Ever think of a great plot and put it aside while you finish your current work in progress, only to find that someone else publishes something based on the same idea before you can get your version out?
I think this happens to all of us at some point. I don’t mean someone actually steals the idea, but someone totally unconnected to you thinks of the same idea independently, sometimes even a well-known author.
It can be frustrating, especially if it’s a big name author who gets the same idea as you and releases it sooner, but it’s also a great endorsement of the idea itself! So what do you do when this happens?
This happened to one of the authors in a collective I belong to. He had the idea that he should borrow a character from Dickens, the Artful Dodger, and continue his story. The character was particularly interesting and is sent off to limbo at the end of Oliver Twist, the novel that brought him to life. In all the movie versions of the story, this character was one of the three from the story that needed meticulous casting.
When the author, Charlton Daines, did a search to see if anyone had already followed-up this idea, he found only one book, an obscure one that had Dodger going off to America, rather than Australia where he is generally presumed to have been transported for his crimes. Daines went ahead and wrote his own story, which I still feel is the best version written to date.
Two months after the release of Jack Dawkins, an author by the name of James Benmore released his own novel about the same character, Dodger. They had obviously thought of the same idea independently, yet the stories are very different. Suddenly over 2014-2015, several more versions of this character’s continuing adventure tumbled out of writers’ pens, some better than others, some trying to be too clever and write in characters from other Dickens novels. By 2016, there were at least 14 novels written about the Artful Dodger and other Dickens characters were becoming popular subjects too!
I beat a better known writer to the punch once on one of my non-fiction books. Ramsey Dukes is a well-known occult author who was once simmering the idea of personifying magic(k) as a concept. We met at a conference where I was selling my book, Chaos Monkey, which was based on the same concept. The bemused look on his face when he realised what my book was about was priceless. We became friends and he sold loads more books than I did that day as he’s by far the better public speaker! He later re-worked his idea into another one of his books and I re-released the Chaos Monkey material in The Chaonomicon after my first publisher imploded after the death of one of the owners.
The moral of the story is: don’t be afraid to write your ideas if someone else has had a similar inspiration. Go ahead and write your idea in your own way. Ideas are not under copyright and chances are, your version of the idea is totally different from someone else’s.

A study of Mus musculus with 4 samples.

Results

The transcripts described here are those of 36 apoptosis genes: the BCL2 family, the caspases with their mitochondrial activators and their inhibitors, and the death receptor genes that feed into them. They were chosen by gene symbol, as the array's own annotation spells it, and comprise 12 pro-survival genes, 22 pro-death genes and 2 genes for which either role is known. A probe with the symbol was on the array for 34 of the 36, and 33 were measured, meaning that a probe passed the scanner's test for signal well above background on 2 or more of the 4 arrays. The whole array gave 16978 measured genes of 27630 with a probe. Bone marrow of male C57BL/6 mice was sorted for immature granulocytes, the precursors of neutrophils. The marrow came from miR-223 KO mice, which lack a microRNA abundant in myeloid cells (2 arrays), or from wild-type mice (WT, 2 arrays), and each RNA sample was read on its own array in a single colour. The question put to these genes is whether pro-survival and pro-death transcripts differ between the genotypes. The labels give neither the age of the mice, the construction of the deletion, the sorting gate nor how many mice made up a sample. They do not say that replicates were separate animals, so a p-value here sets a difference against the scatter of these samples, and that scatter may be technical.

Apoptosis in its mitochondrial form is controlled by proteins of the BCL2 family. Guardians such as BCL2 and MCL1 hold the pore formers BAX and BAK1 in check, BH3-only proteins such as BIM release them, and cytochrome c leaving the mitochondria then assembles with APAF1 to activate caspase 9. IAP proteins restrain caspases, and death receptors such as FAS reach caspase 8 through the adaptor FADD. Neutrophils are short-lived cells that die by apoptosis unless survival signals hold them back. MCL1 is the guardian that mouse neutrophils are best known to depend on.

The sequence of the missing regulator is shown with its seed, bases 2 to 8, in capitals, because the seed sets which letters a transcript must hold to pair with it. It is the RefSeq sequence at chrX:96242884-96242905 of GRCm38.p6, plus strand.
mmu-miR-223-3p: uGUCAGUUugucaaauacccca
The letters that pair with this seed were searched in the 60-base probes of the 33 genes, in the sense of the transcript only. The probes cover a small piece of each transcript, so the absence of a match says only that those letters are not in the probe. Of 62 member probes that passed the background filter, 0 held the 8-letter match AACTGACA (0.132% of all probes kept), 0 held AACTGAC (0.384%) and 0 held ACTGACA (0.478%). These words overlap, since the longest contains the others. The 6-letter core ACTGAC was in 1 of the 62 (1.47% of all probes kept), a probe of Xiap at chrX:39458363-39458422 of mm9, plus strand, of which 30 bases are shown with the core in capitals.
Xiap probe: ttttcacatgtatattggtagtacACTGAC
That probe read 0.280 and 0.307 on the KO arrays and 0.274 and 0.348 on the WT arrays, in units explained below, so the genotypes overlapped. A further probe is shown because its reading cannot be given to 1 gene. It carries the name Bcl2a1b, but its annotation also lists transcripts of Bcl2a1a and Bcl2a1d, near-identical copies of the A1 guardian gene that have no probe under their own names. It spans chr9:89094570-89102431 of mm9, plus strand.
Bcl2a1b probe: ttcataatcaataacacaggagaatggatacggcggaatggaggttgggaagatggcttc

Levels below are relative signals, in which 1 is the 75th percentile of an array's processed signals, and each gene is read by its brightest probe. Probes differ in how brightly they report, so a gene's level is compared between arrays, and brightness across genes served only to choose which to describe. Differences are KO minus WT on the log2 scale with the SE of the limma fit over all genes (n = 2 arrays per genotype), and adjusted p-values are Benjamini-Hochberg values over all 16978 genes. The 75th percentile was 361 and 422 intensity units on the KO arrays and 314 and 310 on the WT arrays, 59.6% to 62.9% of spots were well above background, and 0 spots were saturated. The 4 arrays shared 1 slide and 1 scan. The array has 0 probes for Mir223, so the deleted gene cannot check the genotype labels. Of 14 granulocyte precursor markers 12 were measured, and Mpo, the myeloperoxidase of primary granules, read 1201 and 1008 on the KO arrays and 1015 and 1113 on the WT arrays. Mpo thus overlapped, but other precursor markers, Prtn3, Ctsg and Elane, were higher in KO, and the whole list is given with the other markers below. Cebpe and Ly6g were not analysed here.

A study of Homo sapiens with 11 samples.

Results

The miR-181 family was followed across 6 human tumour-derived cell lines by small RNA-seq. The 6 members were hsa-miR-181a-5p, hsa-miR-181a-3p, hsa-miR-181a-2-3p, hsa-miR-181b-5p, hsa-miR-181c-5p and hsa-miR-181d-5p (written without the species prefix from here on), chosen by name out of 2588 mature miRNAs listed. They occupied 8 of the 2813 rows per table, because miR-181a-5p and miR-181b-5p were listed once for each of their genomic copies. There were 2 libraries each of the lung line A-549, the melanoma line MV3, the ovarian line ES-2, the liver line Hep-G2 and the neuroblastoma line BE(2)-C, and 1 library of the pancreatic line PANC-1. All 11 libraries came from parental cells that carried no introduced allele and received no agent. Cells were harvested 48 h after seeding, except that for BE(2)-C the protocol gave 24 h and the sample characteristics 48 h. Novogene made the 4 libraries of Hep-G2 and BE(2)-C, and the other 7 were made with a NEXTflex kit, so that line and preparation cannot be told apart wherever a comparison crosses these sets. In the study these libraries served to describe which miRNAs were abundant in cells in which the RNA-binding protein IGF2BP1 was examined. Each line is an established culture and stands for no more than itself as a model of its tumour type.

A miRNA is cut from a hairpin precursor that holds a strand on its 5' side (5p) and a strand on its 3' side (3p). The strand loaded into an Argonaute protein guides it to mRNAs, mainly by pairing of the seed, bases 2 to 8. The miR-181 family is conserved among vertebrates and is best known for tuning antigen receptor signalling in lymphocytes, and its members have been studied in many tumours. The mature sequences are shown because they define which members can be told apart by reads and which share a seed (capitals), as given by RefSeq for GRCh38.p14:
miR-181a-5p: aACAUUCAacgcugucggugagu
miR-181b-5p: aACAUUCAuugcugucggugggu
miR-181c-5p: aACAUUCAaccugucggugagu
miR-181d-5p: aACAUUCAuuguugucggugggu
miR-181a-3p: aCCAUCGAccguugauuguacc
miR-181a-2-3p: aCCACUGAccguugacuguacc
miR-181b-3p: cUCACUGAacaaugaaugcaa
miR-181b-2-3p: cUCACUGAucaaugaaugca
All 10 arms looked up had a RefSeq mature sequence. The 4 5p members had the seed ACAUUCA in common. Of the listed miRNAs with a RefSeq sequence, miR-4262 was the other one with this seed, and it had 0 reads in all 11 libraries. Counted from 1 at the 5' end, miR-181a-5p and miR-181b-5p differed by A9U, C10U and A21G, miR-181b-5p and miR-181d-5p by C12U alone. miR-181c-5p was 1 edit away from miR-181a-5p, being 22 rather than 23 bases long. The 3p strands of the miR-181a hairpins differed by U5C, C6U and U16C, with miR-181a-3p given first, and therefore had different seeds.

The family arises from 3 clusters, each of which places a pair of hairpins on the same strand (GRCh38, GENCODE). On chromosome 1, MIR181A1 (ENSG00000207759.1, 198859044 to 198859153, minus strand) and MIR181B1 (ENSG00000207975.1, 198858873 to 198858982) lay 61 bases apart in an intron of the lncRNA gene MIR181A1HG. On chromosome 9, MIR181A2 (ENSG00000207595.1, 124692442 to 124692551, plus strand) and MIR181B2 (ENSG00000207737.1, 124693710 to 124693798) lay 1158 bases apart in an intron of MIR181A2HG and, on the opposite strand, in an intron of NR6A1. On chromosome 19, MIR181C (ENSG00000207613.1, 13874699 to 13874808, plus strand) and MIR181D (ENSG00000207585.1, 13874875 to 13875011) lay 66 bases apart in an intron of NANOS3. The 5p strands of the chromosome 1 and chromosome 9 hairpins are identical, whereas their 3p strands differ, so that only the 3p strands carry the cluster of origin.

I had one story simmering in the back of my mind for over thirty years and am actually amazed no one beat me to the punch on this one. Back in the pre-Internet days of BBS bulletin boards, an idea started formulating and I actually discussed it with online friends in forums long before I had published a book. I even discussed co-writing it with a friend, but the one attempt we made at collaboration made it obvious that our writing styles were not compatible.
It’s a zany story about two historic magicians who have been reincarnated, Karl Spare and Alei-Cat. Fewer people will recognise Spare than Alei, modelled after Aleister Crowley, who hated cats and won’t accept that he’s been reincarnated as one. They travel through time and space in comical adventures as they try to capture the demon, Choronzon, and return him to his abandoned post; guarding the gates between the worlds.
The first few chapters were slowly written between 1989 – 1993, then the unfinished book sat in my files, sleeping until I finally pulled it out and decided it was time I finished it. The result is The Chase for Choronzon, which as it happens is on sale for .99 on Kindle this weekend, 13th-16th September.
How no one else ever developed this idea in all this time is mind-boggling. If you’re at all like me, you probably have files full of ideas just waiting to be written. Getting them done and released before someone else thinks of the same idea can pose a real challenge. I know that Daines is working on something at present that could easily be occurring to other writers, but that’s very hush hush within our group. The setting I’m working in for my next Fantasy project is also something that could occur to another author at any time, yet it hasn’t happened yet.
We all have our own style of expressing our ideas. Your best tactic to be the first to release a great plot or character idea is to keep on writing, every day, and just get it out there. Don’t worry that someone else might release an alternate version the same week. Just make sure that yours is the best story you can write.